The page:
How does Texas’ open-range history interact with developments in fencing laws?
By Jim Bradbury, attorney with James D. Bradbury, PLLC and Chandler Schmitz, student, Texas A&M University School of Law
Texas’ history of being an open-range state traces its roots back to the trail drives and cattle barons of the 1800s. This tradition of being an open-range state historically has meant that livestock owners are not required to fence in their livestock in order to prevent them from roaming at large. As recently as 1999, the Texas Supreme Court upheld this concept and stated that “[i]t is the right of every owner of domestic animals in this state…to allow them to run at large.”
While the common law open-range principle is still in effect, two exceptions have changed portions of Texas from being open range to closed range – which does require landowners to fence in their animals and prevent them from roaming at large.
The first exception is local, county-based ordinances (stock laws), which make landowners responsible for fencing in the livestock on their property and creates a duty for landowners to prevent their livestock from roaming at large.
The second exception is the land along U.S. and state highways. State laws require landowners whose property is adjacent to state or federal highways to not “knowingly permit” their livestock to roam at large on these roads. Learn more about Texas fence law.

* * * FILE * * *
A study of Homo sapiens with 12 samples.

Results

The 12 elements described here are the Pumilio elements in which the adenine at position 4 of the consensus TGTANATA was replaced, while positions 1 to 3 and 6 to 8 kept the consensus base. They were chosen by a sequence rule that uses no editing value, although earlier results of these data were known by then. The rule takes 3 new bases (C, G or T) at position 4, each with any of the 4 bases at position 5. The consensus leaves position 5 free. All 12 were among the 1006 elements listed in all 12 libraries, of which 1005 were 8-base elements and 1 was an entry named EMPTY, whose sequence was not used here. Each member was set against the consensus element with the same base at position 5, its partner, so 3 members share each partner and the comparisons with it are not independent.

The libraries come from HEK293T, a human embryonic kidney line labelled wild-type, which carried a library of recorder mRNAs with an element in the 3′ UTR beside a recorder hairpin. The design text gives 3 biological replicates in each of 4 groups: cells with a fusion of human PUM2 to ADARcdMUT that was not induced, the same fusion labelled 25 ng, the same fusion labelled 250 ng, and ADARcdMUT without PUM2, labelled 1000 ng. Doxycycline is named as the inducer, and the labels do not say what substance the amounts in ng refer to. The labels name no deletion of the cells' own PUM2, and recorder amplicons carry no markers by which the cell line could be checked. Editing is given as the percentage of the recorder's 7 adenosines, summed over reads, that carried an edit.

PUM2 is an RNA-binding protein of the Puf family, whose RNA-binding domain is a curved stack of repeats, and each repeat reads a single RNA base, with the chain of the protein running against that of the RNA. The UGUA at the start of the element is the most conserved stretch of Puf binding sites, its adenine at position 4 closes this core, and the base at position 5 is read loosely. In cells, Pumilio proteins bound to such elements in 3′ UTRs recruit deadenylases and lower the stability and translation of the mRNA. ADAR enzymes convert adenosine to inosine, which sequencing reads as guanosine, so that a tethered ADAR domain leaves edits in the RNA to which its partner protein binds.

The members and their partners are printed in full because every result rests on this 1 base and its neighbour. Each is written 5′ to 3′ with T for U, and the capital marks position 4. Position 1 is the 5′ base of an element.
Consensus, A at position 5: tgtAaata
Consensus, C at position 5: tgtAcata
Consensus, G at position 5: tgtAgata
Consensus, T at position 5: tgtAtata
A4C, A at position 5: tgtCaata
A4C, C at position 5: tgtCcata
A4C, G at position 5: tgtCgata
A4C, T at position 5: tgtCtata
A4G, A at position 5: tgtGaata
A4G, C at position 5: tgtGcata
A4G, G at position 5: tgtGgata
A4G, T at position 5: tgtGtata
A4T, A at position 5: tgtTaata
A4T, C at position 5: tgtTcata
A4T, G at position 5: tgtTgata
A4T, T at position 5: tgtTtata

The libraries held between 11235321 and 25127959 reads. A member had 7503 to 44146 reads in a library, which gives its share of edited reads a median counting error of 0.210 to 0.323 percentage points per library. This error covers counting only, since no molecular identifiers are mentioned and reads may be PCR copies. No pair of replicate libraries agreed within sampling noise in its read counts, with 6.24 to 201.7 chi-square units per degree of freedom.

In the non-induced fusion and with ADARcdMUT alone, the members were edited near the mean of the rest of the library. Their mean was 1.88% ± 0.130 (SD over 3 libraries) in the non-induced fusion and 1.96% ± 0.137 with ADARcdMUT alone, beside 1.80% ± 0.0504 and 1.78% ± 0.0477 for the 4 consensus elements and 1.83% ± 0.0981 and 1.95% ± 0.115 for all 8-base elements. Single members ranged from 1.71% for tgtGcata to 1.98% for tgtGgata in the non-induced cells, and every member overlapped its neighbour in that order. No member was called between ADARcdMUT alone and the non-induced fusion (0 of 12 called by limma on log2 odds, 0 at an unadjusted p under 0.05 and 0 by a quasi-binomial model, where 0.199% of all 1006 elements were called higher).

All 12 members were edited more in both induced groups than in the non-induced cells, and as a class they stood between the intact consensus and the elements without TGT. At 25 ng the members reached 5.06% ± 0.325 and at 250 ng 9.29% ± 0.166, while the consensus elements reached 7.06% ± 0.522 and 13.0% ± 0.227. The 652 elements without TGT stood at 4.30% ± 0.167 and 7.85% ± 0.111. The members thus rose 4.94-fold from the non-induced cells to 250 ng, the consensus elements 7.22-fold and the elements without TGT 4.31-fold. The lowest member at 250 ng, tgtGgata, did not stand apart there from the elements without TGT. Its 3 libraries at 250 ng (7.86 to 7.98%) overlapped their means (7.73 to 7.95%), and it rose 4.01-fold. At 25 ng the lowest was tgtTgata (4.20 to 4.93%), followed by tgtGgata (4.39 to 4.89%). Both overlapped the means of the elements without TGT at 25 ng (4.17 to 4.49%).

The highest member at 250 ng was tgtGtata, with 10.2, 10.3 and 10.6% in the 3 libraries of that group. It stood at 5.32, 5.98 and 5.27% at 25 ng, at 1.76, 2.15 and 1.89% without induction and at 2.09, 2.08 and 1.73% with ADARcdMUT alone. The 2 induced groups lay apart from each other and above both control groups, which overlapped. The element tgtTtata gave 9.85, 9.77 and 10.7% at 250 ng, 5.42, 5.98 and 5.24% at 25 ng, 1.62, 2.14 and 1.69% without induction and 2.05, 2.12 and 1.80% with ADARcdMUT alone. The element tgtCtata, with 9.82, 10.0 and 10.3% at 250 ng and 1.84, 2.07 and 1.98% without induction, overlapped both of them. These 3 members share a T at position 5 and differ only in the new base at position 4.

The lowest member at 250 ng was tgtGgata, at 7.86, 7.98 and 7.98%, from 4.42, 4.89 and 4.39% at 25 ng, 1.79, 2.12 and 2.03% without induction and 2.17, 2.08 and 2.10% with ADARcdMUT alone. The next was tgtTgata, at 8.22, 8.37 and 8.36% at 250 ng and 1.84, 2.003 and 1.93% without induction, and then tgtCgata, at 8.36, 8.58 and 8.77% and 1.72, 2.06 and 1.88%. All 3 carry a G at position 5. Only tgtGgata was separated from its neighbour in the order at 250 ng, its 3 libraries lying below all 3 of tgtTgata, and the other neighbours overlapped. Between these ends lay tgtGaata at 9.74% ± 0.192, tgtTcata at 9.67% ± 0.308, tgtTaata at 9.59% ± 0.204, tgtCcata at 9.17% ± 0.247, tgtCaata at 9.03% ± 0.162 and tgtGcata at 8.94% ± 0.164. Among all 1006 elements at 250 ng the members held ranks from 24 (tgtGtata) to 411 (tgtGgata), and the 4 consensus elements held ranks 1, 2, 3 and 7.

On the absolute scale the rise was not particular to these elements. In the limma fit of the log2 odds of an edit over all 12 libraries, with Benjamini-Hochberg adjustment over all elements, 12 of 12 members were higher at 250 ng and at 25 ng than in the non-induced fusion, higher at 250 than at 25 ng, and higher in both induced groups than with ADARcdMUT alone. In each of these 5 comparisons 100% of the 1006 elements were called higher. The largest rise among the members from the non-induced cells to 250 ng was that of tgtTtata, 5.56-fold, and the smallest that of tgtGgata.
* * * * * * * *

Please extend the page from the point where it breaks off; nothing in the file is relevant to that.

Recently, the line between Texas being an open-range state and these closed-range exceptions has been tested. In Garcia v. Pruski, the San Antonio Court of Appeals found that Wilson County’s stock laws were the controlling statute when a vehicle collided with a bull that broke a gate-latch and escaped onto State Highway 123. The court’s finding overlooked the long-standing Texas precedent of imposing liability for such incidents that occur on federal or state highways, based on the requirement that the landowner must “knowingly permit” the animal to roam at large on the road. The danger in the Appellate court’s finding is that it imposes a near “strict liability” standard of care on landowners, if their animals escape onto state or federal highways in counties that have passed stock laws.
A petition for review has been filed with the Texas Supreme Court for this case, in hopes that the Court will use this case as an opportunity to affirm Texas’ tradition of being an open-range state and of enforcing reasonable standards of care for livestock owners.